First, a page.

The tea party movement began in an unassuming way: A series of March 2009 conference calls of a couple dozen conservative and libertarian activists from across the nation. How far it has come. Yesterday, after taking back the U.S. House of Representatives in November 2010 and growing its rank and file members into the millions in less than three years, the movement made a bold but ultimately unsuccessful bid for a leadership position in the United States Senate.
With tea party support, U.S. Senator Ron Johnson (R-WI) challenged U.S. Senator Roy Blunt (R-MO) for vice-chairman of the Senate Republican Conference. With all 47 Republican Senators casting votes, Blunt won the vote narrowly, 25 to 22. But the tea party-supported Johnson challenge proves important symbolically as a demonstration that, while tea party-affiliated members of the U.S. House of Representatives have proven hugely influential in guiding the direction of that legislative body, support for the tea party movement and its policy agenda is growing in the U.S. Senate too.
Since the vote was conducted by secret ballot, no official list of how Republican Senators voted is available. But in garnering 22 votes, Johnson proved that the Republican minority of the U.S. Senate is increasingly sympathetic to tea party sentiments. Even in his home state of Missouri, Blunt failed to garner the support of the three Republican candidates now vying to face Democrat U.S. Senator Claire McCaskill in this November's general election, a sign that Republican candidates fear alienating the increasingly powerful tea party movement, whose support is deemed critical in national, state and municipal primaries across the nation.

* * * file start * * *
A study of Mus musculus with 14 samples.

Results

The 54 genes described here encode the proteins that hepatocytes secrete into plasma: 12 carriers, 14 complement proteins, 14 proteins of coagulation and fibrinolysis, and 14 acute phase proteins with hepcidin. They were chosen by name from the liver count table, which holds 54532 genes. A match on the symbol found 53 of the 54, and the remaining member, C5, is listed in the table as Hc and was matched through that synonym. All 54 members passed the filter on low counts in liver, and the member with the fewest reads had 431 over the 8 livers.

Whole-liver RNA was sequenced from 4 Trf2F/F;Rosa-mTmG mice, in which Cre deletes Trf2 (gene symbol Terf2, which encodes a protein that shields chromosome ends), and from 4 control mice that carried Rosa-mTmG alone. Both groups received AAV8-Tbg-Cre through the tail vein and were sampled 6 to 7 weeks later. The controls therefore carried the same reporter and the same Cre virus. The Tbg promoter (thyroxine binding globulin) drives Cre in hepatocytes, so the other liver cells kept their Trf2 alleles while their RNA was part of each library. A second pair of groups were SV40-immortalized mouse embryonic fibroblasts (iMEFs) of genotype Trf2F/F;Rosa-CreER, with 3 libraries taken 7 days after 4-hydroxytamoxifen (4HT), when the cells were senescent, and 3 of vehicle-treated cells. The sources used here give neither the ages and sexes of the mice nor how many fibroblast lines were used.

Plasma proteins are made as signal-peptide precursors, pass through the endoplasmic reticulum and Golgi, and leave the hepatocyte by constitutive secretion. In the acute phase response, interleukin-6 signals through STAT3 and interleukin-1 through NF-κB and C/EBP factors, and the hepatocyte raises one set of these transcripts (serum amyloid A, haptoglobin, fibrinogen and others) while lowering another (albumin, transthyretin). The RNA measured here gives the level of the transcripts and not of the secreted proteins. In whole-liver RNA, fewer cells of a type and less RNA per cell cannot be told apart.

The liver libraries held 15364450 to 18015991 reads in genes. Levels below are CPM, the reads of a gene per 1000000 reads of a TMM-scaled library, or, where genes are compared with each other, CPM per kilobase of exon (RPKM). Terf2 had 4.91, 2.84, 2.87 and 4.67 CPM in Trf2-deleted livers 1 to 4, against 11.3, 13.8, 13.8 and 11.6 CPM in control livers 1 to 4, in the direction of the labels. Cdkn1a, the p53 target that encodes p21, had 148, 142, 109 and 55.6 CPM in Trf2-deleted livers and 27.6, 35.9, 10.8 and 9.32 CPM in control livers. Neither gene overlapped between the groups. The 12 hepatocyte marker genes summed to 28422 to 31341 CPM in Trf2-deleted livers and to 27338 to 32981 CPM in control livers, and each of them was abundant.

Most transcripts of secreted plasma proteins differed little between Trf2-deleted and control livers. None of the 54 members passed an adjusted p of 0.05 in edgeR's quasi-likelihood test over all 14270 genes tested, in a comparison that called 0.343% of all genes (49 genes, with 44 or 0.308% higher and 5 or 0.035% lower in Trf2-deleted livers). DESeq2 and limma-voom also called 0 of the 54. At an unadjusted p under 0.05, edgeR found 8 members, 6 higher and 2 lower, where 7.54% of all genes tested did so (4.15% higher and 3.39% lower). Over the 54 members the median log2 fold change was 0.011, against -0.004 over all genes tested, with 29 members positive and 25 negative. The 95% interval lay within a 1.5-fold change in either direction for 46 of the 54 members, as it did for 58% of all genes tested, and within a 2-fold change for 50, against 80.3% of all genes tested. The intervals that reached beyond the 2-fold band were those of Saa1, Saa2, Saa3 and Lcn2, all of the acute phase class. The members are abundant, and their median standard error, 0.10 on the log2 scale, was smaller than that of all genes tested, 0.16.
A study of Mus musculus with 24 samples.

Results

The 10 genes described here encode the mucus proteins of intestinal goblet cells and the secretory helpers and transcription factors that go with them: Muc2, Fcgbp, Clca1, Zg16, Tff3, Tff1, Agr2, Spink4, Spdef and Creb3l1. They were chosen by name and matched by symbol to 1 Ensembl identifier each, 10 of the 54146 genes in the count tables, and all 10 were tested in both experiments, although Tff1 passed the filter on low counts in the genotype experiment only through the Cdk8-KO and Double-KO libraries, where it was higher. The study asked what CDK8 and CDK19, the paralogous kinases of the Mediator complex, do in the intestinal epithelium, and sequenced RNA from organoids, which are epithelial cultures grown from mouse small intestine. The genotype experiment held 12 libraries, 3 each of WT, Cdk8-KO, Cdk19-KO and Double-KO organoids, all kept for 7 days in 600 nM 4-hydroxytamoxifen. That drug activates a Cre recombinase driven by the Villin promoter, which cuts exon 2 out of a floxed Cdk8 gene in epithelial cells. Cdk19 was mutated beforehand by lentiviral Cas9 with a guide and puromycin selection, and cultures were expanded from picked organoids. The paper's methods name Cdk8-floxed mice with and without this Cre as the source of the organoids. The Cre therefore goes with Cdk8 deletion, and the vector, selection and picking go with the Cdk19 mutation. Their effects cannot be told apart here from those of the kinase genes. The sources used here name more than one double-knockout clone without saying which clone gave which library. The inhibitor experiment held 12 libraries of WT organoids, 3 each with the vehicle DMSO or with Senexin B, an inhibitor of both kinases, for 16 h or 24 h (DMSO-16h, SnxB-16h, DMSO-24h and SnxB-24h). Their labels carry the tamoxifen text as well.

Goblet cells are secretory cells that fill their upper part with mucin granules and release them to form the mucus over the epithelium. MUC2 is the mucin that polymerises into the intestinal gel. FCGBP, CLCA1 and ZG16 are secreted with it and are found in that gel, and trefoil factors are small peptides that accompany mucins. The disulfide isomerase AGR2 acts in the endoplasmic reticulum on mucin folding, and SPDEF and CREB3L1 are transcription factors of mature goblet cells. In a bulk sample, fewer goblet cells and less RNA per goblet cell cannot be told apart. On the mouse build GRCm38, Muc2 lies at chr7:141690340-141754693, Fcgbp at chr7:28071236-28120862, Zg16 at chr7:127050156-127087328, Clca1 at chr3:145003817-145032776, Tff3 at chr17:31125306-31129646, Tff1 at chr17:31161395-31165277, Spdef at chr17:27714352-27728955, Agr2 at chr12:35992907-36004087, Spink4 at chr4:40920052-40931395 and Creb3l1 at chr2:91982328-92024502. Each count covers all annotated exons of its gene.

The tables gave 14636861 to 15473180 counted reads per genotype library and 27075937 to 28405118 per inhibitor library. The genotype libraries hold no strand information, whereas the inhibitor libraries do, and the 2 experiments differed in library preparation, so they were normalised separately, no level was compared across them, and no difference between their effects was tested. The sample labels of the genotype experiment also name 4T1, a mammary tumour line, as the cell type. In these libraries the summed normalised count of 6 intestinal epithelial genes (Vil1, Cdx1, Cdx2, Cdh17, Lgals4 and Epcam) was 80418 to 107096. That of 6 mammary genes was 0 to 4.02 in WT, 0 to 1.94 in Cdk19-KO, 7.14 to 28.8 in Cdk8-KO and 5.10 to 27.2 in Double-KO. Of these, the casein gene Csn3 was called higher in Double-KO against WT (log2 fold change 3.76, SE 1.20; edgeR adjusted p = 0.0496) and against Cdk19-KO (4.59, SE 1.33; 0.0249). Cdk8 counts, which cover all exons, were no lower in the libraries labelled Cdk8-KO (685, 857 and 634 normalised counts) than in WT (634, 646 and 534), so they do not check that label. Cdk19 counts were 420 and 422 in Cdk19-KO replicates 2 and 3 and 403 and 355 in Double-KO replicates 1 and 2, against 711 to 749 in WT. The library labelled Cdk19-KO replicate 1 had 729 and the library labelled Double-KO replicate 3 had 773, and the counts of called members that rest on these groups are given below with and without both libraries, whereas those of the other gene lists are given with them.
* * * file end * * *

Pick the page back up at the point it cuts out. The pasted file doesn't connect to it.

Following his electoral victory, Blunt suggested that he hopes to be responsive to the tea party movement's policy agenda. "I hope that six months from now they're not disappointed," he said.
Several national tea party organizations and leaders had been vocal in support of Johnson's bid for the leadership position.